An asylum seeker has launched a landmark test case that highlights the excessive use of force in Australian immigration detention centres. The case challenges the inhumane use of handcuffs to restrain men and women attending offsite medical appointments which is often disproportionate to any genuine risk.
PIAC’s client, Yasir*, is taking action under the Disability Discrimination Act and challenging the lawfulness of handcuffs under the Migration Act. Handcuffing by detention centre staff poses a major barrier to Yasir obtaining essential and timely health care.
Yasir has a history of severe torture and childhood abuse. Over the course of his seven-years in Australian immigration detention, he has been diagnosed with a number of mental health illnesses. He is so severely retraumatised by the use of handcuffs that he often experiences seizures when faced with the prospect of being restrained. Yet the Government has refused to adopt medical recommendations to stop handcuffing him.
Across the network, the use of restraints has become commonplace for transfer to medical appointments even when detained asylum seekers are already escorted by security officers. In 2017, data obtained under freedom of information laws showed that the use of force and restraints in Australia’s onshore immigration detention centres had soared – more than doubling in just nine months. Asylum seekers make up almost 50% of the current onshore population.
In recent years there has been increasing concern about excessive use of force against asylum seekers in Australian facilities. These statistics reflect changing dynamics since the Australian Border Force (ABF) took over the running of facilities in 2015. Many of the ABF’s policies and procedures have further militarised operations leading to a punitive culture. In 2019 the Australian Human Rights Commission published a report exposing the consistent, widespread use of restraints in immigration detention and recommending urgent reforms.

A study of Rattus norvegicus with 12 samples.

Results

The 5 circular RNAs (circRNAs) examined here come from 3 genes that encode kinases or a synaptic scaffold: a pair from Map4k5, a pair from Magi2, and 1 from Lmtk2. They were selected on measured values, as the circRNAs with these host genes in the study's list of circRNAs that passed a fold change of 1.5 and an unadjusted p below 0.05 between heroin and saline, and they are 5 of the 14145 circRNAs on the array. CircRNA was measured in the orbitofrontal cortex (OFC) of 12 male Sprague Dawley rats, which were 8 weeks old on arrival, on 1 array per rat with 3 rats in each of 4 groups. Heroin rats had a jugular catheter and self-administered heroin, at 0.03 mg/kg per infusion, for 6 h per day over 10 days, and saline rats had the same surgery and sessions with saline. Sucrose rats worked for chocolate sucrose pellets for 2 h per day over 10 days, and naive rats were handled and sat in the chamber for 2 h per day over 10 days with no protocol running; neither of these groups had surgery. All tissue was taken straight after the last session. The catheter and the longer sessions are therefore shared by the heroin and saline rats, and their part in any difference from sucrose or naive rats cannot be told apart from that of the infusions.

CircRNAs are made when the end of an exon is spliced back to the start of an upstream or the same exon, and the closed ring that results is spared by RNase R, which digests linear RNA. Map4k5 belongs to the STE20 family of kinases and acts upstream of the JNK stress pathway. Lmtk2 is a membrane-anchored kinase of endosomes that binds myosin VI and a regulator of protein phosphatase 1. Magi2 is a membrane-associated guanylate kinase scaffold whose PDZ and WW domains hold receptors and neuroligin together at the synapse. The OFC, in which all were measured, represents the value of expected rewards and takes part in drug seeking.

More recently, in an August 2020 report, the Commonwealth Ombudsman raised the growing tendency for force to be used as the first, rather than last choice in facilities, exercised in a manner both inconsistent with the Department of Home Affairs’ own procedures and possibly without legal basis.
‘I am running this case to try and help detained asylum seekers like me get access to healthcare without being forced to wear handcuffs. Restraints bring back brutal, retraumatising memories from my past which I already live with every day. I cannot attend medical appointments handcuffed because of the further damage it does to me’.
Jane Leibowitz, PIAC’s Asylum Seeker Health Rights Project:
‘More and more, we are seeing vulnerable, sick and otherwise cooperative detained asylum seekers, subjected to harmful and degrading practices which result in significant delays and disruptions to medical care’.
‘Yasir’s case shows how mistreatment of mentally ill asylum seekers happens on a daily basis. There are humane and effective alternatives to handcuffs and body belts which reflect the principles of legality, necessity, proportionality and accountability’.
This case is supported by Grata Fund which provides the financial backing needed to get important, circuit breaking public interest cases like this to court, and Woodsford Litigation Funding. Mary and John Walker proudly support Yasir and the work of PIAC on his behalf.
MEDIA CONTACT: Gemma Pearce, PIAC Media and Communications Manager: 0478 739 280.